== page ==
Fracking — a method of extracting underground pockets of natural gas — caused several earthquakes in northwestern Pennsylvania last year, scientists have confirmed.
That’s reason for concern, two local science professors said this week — although it’s doubtful that fracking will cause the ground to shake in Lancaster County.
“It is pretty far away,” Charles K. Scharnberger, professor emeritus at Millersville University and operator of the university seismograph station said.
“They’re so small, there won’t be any far-field effects from these quakes,” agreed Timothy D. Bechtel, director of science outreach and a professor of earth and environmental sciences at Franklin & Marshall College.
According to StateImpact Pennsylvania, a collaboration between NPR affiliates WITF and WHYY, the state’s first fracking-related earthquakes occurred in April 2016 in Lawrence County, northwest of Pittsburgh.
A Texas-based energy company was fracking two wells in the Utica Shale near New Castle when seismic monitors nearby detected five tremors measuring between 1.8 and 2.3 on the Richter scale, the report says.
Pennsylvania is the second-largest producer of natural gas in the country, behind Texas, according to NPR.
Scharnberger said there are no natural gas reserves in the Lancaster region.
As a result of the quakes, the state Department of Environmental Protection set up a “stop-light” procedure to halt fracking operations if there’s a quake greater than 2.0 on the Richter scale or three successive quakes between 1.5 and 1.9.
Although the Lancaster region does have earthquakes, the professors said fracking-related tremors won’t have any impact here.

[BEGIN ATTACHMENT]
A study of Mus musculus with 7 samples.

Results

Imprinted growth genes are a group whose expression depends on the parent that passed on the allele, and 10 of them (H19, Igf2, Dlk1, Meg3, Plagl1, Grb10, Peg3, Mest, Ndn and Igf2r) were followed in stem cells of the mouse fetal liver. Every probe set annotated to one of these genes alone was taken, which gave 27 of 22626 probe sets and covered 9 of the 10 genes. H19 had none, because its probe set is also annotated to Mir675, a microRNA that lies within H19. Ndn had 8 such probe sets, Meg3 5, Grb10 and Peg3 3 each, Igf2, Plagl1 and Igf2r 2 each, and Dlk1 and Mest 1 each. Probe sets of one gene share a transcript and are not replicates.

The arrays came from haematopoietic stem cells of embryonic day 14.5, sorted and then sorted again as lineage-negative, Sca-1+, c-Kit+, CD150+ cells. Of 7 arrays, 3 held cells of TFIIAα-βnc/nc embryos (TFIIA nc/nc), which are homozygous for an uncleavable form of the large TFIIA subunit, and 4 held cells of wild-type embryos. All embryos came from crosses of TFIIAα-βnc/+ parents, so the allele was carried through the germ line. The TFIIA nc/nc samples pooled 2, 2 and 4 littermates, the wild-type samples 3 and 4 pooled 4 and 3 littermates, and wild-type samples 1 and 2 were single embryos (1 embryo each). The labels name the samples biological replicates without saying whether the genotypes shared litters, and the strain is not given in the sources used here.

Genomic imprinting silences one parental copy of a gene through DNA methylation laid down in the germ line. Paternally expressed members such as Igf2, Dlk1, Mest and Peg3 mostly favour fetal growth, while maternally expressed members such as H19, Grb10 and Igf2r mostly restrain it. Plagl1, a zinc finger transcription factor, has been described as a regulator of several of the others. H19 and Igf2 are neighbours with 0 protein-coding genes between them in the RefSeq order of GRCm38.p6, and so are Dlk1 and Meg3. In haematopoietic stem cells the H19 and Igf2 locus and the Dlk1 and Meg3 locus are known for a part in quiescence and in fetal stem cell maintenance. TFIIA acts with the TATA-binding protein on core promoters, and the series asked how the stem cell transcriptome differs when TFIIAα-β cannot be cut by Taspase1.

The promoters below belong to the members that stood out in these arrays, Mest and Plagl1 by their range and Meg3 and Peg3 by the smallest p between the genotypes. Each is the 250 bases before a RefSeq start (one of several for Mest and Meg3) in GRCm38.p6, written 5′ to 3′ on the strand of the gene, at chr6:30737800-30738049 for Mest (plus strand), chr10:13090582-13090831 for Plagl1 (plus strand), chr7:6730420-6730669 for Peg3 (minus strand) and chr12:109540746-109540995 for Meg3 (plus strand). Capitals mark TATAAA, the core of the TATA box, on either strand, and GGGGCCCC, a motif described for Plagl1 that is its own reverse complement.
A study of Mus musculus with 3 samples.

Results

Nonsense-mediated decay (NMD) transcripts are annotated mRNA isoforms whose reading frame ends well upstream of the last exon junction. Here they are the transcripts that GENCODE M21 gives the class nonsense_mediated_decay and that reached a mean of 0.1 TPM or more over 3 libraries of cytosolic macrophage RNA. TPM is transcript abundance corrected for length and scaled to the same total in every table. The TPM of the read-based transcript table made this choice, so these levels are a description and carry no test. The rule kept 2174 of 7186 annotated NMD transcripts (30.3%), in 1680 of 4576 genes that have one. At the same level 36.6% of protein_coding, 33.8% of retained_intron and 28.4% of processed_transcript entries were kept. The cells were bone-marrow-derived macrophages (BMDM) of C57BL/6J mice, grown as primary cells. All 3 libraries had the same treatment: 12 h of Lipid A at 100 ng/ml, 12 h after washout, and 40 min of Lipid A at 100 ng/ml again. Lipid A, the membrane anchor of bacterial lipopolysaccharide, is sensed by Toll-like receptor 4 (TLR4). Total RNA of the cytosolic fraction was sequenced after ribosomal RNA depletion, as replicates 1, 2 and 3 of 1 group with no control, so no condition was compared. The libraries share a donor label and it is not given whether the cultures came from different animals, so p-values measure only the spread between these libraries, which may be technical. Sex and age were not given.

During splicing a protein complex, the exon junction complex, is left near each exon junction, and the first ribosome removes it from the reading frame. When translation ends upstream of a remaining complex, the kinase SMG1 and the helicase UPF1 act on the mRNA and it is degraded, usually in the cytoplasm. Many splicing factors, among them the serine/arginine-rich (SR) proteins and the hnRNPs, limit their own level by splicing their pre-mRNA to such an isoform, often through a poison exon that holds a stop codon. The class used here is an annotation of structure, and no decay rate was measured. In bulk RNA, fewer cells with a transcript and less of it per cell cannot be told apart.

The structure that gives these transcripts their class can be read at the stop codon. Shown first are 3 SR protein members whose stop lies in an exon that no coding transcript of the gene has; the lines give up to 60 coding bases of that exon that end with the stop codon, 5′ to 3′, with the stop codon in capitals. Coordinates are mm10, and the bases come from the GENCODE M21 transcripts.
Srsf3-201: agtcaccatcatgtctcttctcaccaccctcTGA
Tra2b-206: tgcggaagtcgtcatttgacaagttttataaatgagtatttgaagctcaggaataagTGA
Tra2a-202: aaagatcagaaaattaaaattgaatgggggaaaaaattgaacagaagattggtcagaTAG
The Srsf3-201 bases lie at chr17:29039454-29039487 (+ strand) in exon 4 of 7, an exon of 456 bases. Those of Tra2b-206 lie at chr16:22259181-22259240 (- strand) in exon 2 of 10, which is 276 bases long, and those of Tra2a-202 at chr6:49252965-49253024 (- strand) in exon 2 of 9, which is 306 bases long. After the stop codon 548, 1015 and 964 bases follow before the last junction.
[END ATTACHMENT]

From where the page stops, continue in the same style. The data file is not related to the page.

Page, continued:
“They’re highly localized, and very tiny,” Bechtel said. “And they’re plenty far enough from the Lancaster seismic zone.”
“I hate to make a 100 percent certain statement, but it’s very unlikely that something that’s going on in the natural gas fracking region will be felt here,” Scharnberger added.
However, Scharnberger said, the fact that the earthquakes are occurring at all is “fairly significant.”
Quakes in other states were caused by wastewater disposal, not fracking itself, officials noted.
The process — deep-injection disposal of fracking wastewater — has caused some “serious earthquakes, damaging earthquakes” in other states, Bechtel said.
The fracking industry may have to revise its standards on well depths and underground pressure to reduce the potential for further quakes, Scharnberger noted.
But Pennsylvania frackers don’t use that method of wastewater disposal, he noted. “They’re treating it and disposing of it in surface streams.”
Confirmation of fracking-related earthquakes in Pennsylvania comes as “no surprise,” Bechtel said.
“It just makes sense,” he said. “Fracking creates micro-earthquakes. And nothing ever happens in nature without happening in a spectrum.”
A person standing at ground zero is unlikely to know an earthquake is occurring, Bechtel said. “But they’re definitely happening.”
The earth is an active place, he said, and “these micro-earthquakes are occurring all around the world, all the time. ... Fracking adds to a constant background of tiny little earthquakes.”
Consequently, the report doesn’t concern Bechtel, although he said scientists should keep an eye on the consequences of fracking, from earthquakes to wastewater and gaseous emissions.
“You have to weigh the benefits of having natural gas,” Scharnberger added, “which I think is a beneficial source of energy, cleaner than oil or coal — although not as clean as solar or wind — against the impact. Everything has its positives and negatives.”